Film productions in the UK contributed just under £475,000 towards skills and training for nearly 450 new entrants and existing film workforce in the last financial year despite the impact of the Covid-19 pandemic.
Productions including Jurassic World: Dominion, The Fantastic Flitcrofts and Mothering Sunday were among 34 productions which paid £474,337.33 into the ScreenSkills Film Skills Fund to support developing and retaining the skilled workforce who are the foundation stone of UK production success.
The figure is down from £1,081,352 in 2019/20, £703,483 from 72 productions a year earlier and £937,768, in 2017/18. The financial year runs to the end of March.
However, the commitment to training has bounced back in 2021 with contributions in the first quarter approaching the total of the previous 12 months. Seventeen productions including The Railway Children, Together, Persuasion and Downton Abbey 2 had paid in £437,165 by the end of June.
Similar support was demonstrated by animation with contributions to the Animation Skills Fund this year already more than half the total for 2020/21 when 16 productions contributed £161,064.
Gareth Ellis-Unwin, ScreenSkills head of film and animation, said: “We are always grateful to those productions that play their part in supporting skills by paying into the Film Skills Fund and further thanks to those who also offer training opportunities on their productions. “It is particularly gratifying that despite the additional costs and challenges created by Covid, our colleagues in the industry have kicked off the new financial year with such a strong endorsement of the work we are doing”
“Freelancers are the lifeblood of film production and enabling them to learn as well as maintaining or updating their skills underpins studio production as well as independent film. When demand for good crew is so strong and international competition for production is so fierce, investment in skills and training remains mission critical to the continued growth and creative and commercial success of filmmaking in the UK.”
Anita Overland, whose producing credits include Small Axe, The Iron Lady and Rush and is the chair of the Film Skills Fund, said: “In the last year, I have been contacted almost daily by my fellow colleagues asking for help to look for crew. They are unable to find teams for most departments. And if they find crew, often they are without the level of experience required for their roles. This is unfair to those teams and the HoDs who are having to work without their normal level of backup.
“But we have a golden opportunity to develop a stronger, more diverse and better equipped workforce by investing in the long-term sustainability of UK filmmaking. I urge my industry colleagues to help build a bigger and better skilled labour pool by contributing to the Film Skills Fund.”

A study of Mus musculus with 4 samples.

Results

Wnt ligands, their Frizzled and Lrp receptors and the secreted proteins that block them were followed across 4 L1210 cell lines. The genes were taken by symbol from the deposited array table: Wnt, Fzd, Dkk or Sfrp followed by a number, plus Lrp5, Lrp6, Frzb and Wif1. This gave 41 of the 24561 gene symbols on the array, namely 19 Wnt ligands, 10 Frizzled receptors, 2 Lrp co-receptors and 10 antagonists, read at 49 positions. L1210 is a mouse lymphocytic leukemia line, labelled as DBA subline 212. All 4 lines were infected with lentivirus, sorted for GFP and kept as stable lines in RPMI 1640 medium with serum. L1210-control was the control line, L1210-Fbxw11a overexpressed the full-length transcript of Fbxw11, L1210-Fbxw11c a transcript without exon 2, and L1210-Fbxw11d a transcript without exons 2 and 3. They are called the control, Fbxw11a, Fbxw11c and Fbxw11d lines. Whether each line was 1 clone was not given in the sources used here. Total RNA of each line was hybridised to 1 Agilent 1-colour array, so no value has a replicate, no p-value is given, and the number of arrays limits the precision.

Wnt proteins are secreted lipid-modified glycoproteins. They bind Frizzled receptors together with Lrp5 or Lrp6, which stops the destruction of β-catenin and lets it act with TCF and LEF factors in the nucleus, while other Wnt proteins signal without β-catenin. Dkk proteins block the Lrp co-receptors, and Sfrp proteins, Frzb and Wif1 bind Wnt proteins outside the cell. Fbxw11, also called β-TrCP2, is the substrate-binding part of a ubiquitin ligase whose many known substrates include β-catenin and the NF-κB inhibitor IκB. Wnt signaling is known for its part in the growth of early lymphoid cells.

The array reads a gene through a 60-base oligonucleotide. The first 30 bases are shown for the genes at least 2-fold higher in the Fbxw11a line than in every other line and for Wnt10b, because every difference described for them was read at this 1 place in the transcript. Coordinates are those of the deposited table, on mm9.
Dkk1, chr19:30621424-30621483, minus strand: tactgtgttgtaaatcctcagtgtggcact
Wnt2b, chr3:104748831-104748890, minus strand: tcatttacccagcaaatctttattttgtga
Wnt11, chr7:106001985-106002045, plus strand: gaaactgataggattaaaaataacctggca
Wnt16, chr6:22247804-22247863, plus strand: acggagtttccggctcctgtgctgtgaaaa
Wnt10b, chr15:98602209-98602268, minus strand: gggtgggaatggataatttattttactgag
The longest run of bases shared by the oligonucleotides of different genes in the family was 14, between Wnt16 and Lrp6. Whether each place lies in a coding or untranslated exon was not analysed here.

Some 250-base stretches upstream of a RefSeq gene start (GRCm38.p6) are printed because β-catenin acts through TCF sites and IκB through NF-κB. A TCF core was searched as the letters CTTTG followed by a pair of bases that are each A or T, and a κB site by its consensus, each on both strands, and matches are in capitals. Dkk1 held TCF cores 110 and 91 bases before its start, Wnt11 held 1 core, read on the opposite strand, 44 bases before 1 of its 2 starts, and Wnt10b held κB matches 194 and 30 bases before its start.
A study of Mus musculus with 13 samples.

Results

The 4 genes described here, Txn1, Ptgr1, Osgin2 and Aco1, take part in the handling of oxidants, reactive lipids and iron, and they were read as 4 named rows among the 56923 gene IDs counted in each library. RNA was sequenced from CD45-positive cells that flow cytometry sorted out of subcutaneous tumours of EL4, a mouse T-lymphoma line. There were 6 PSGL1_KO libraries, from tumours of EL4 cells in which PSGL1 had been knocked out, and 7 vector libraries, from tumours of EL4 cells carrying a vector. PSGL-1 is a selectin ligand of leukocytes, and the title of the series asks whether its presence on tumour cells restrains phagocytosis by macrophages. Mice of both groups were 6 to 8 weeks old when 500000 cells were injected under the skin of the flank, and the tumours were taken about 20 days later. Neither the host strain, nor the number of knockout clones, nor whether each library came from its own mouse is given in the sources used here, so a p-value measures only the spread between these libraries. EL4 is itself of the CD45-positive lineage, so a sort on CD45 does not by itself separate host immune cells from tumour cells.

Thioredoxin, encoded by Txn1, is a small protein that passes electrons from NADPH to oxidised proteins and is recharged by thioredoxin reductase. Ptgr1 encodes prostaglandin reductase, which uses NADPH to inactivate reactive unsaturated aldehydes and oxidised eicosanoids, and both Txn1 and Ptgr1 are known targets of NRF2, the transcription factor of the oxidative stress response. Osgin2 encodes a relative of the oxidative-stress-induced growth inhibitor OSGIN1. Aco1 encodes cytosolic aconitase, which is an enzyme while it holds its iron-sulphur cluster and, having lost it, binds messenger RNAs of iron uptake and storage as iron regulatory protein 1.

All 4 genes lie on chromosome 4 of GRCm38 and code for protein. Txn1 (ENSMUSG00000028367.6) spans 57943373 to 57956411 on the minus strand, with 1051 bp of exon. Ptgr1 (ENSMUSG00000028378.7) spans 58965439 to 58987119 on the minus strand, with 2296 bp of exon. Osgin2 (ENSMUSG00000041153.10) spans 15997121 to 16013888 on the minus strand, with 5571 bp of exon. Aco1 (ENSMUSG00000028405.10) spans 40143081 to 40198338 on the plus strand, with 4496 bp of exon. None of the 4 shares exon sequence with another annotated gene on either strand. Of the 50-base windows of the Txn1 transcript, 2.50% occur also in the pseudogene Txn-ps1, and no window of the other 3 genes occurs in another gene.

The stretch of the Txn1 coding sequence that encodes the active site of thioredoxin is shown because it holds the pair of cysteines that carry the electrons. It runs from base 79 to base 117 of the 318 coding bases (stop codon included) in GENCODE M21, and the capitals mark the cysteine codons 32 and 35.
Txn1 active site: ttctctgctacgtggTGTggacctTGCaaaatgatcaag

Nearly 450 people were supported on training programmes during 2020-21 thanks to contributions to the Film Skills Fund from productions. This included 138 people recruited from just under 2,000 applications to Trainee Finder, the flagship paid placement programme with paid placements due to start just as the UK went into first pandemic lockdown.
More than 70% of the recruits were women, three-fifths from outside London and the South East, 24% Black, Asian or minority ethnic, 17% LGBT, 9% disabled and 83% attended non-paid-for schools.
The usual one-year term was extended into this year given the hiatus in production. But all the cohort were offered other training and support over the last year and – even despite Covid – there were 48 placements on 11 productions including Men, The Batman, The Fantastic Flitcrofts and Jurassic World: Dominion.
A further 310 individuals were supported with continuing professional development and bursaries by the Film Skills Fund last year, three-quarters of them women, a fifth Black, Asian or minority ethnic, just under half from the nations and English regions and 11% LGBT with 83% having attended non-paid-for schooling.
Training supported by the Film Skills Fund in the last year included: Afro hair essentials, Elevate online: leadership programme for cinema professionals, data-driven marketing and training in the art department and in virtual production and virtual pre-production.
The Animation Skills Fund supported 1,093 beneficiaries with 28 activities including Harmony Animation, Harmony Rigging and Technical Direction, all with Toon Boom, the Animated Women UK Achieve programme and writing for children’s animation.
ScreenSkills is also supported by the BFI, awarding National Lottery funds to deliver its Future Film Skills strategy which is now in its final year, and by Arts Council England.